In the late twentieth century, one of the hallmarks of a modern military was a country’s ability to design and manufacture its own rifles. South Korea, an emerging military power, took that to heart and produced the K2 assault rifle. A blend of good ideas borrowed from other rifles, the K2 has served Republic of Korea forces for 35 years and with a raft of upgrades will serve for years more to come.
After the Korean War, the Republic of Korea (ROK) armed forces were primarily supplied with surplus U.S. small arms. M1 Garands and M2 carbines armed the country’s large conscript army, though the former were ill-suited for Korean troops. The Daewoo corporation licensed the M16A1 design from Colt, but upon the license’s expiration, the Korean military would be left without a rifle to produce. Seoul decided it would design and manufacture its own rifle, to Korean specifications.
South Korean small arms engineers basically took the operating system behind Eugene Stoner’s AR-18 assault rifle and copied it. The AR-18, known as Stoner’s other assault rifle design (other than the AR-15), used a short-stroke gas piston and rotating bolt. The South Korean rifle design used a long stroke gas piston design and a gas system copied from the FN FAL battle rifle, with a three position gas regulator. At 7.2 pounds the rifle was about the same weight as other NATO 5.56-millimeter rifles.
The new rifle was a selective fire, fully automatic weapon capable of a maximum rate of fire of 750 rounds per minute. The weapon can be fired in single shot, three round burst, and fully automatic modes. The weapon had a 18.3-inch barrel length, was chambered in 5.56-millimeter, and accepted NATO standard STANAG 30 round magazines. Maximum effective range was the 400 meters, typical for 5.56-millimeter rifles with intermediate barrel lengths.
The rifle was named K2 and adopted for service in 1984. It was made entirely of stamped metal, machined, and plastic parts, and has a well-deserved reputation for sturdiness. The rifle was produced in the hundreds of thousands and assigned to nearly all ROK troops, although for many years reservists continued to use surplus American weapons and older M16A1s. The K2 also used iron sights well after many armies converted to optical sights.
In the early 2000s, S&T Motiv (formerly Daewoo) began upgrading the weapon an eye towards integrating many accessories that began appearing on U.S. and NATO rifles. Attempts to refit many of the rifles with scope mounts were foiled by the age and condition of the weapons, and a number of new K2A rifles with flat-top receivers equipped with Picatinny rails were procured. These rifles are fitted with indigenously produced 1x red dot sights and are further capable of adding laser pointers and pistol fore grips, making the weapon as modifiable as contemporary Western rifles.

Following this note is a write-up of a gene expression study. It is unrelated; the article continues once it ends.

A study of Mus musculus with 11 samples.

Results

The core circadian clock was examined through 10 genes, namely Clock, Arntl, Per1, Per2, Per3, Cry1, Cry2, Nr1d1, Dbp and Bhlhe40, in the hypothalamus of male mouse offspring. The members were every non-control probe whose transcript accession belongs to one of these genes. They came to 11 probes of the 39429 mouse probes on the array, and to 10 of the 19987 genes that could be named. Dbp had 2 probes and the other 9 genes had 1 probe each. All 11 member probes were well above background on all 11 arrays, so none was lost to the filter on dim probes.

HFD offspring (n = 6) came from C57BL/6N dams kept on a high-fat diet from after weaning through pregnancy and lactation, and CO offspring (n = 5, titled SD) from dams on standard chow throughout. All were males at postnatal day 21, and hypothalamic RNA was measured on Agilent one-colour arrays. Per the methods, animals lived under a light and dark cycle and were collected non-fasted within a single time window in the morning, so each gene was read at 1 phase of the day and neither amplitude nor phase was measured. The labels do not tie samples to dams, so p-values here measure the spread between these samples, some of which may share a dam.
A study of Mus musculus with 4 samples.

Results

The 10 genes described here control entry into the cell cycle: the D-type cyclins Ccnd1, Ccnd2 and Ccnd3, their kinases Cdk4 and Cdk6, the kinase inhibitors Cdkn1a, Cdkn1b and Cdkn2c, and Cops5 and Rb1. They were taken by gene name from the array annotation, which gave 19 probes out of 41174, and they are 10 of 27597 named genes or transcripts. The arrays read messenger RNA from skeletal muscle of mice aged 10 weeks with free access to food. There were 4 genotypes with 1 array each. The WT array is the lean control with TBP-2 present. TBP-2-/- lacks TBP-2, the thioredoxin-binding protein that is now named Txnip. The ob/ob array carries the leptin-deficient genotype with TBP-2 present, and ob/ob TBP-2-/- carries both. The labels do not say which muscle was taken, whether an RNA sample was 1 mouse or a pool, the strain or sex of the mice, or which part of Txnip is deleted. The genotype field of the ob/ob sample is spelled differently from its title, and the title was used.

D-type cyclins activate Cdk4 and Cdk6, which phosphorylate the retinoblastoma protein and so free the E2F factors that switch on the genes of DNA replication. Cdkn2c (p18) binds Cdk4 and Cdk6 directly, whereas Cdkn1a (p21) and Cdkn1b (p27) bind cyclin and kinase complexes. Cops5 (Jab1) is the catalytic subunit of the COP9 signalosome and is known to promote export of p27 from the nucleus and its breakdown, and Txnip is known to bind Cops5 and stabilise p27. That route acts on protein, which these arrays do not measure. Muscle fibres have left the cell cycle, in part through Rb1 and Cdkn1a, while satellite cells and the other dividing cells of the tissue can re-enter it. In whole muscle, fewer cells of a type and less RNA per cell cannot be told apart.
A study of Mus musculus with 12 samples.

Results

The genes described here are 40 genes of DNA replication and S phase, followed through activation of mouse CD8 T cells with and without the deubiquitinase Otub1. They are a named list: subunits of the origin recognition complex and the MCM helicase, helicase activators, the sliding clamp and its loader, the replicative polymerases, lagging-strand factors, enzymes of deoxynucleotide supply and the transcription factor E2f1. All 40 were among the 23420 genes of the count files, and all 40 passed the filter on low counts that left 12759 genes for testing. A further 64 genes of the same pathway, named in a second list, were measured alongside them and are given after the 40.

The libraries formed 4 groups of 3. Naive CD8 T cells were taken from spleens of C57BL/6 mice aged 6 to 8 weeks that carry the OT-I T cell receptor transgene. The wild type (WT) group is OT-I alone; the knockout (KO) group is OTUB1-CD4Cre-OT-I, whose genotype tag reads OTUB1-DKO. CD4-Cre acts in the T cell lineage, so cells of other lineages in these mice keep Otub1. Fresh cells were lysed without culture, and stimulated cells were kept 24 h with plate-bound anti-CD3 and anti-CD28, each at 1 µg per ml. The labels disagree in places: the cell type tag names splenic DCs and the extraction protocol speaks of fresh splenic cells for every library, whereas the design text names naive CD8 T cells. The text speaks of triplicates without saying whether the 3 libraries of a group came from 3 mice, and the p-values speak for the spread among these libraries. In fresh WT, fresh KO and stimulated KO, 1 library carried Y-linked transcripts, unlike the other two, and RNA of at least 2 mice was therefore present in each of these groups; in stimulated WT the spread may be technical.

In the early 2009s, the U.S. Army pursued a new infantry weapon, the Objective Individual Combat Weapon (OICW). OICW was to be a hybrid rifle pairing a conventional 5.56-millimeter assault rifle system with a 20-millimeter grenade launcher. This prompted South Korea to develop its own weapon in parallel, and the result was the K-11 rifle. The K-11 is basically a K-2 rifle mated to a 25-millimeter grenade launcher. The K-11 is equipped with an armored sight above the receiver that incorporates a ballistic computer, laser sight, and electronic grenade programmer. This allows the K-11 gunner to adjust the grenade fuze, giving it the ability to explode behind enemy cover. While the OICW was eventually canceled, the K-11 is now issued to Republic of Korea infantry, greatly increasing their firepower.
The manufacture of a country’s own small arms is no longer a strong benchmark of military power: France is importing new German rifles for the French Army and it seems likely the UK will adopt a foreign assault rifle post-2030. But the design and adoption of the K2 was a major milestone for South Korea. Although somewhat dated, the weapon is fundamentally sound and there is still plenty of room for growth in the K2 platform. Given Seoul’s industrial capacity—and export-oriented outlook—it’s not likely to adopt a foreign weapon any time soon.
Kyle Mizokami is a writer based in San Francisco who has appeared in The Diplomat, Foreign Policy, War is Boring and The Daily Beast. In 2009 he co-founded the defense and security blog Japan Security Watch. (This first appeared last year.)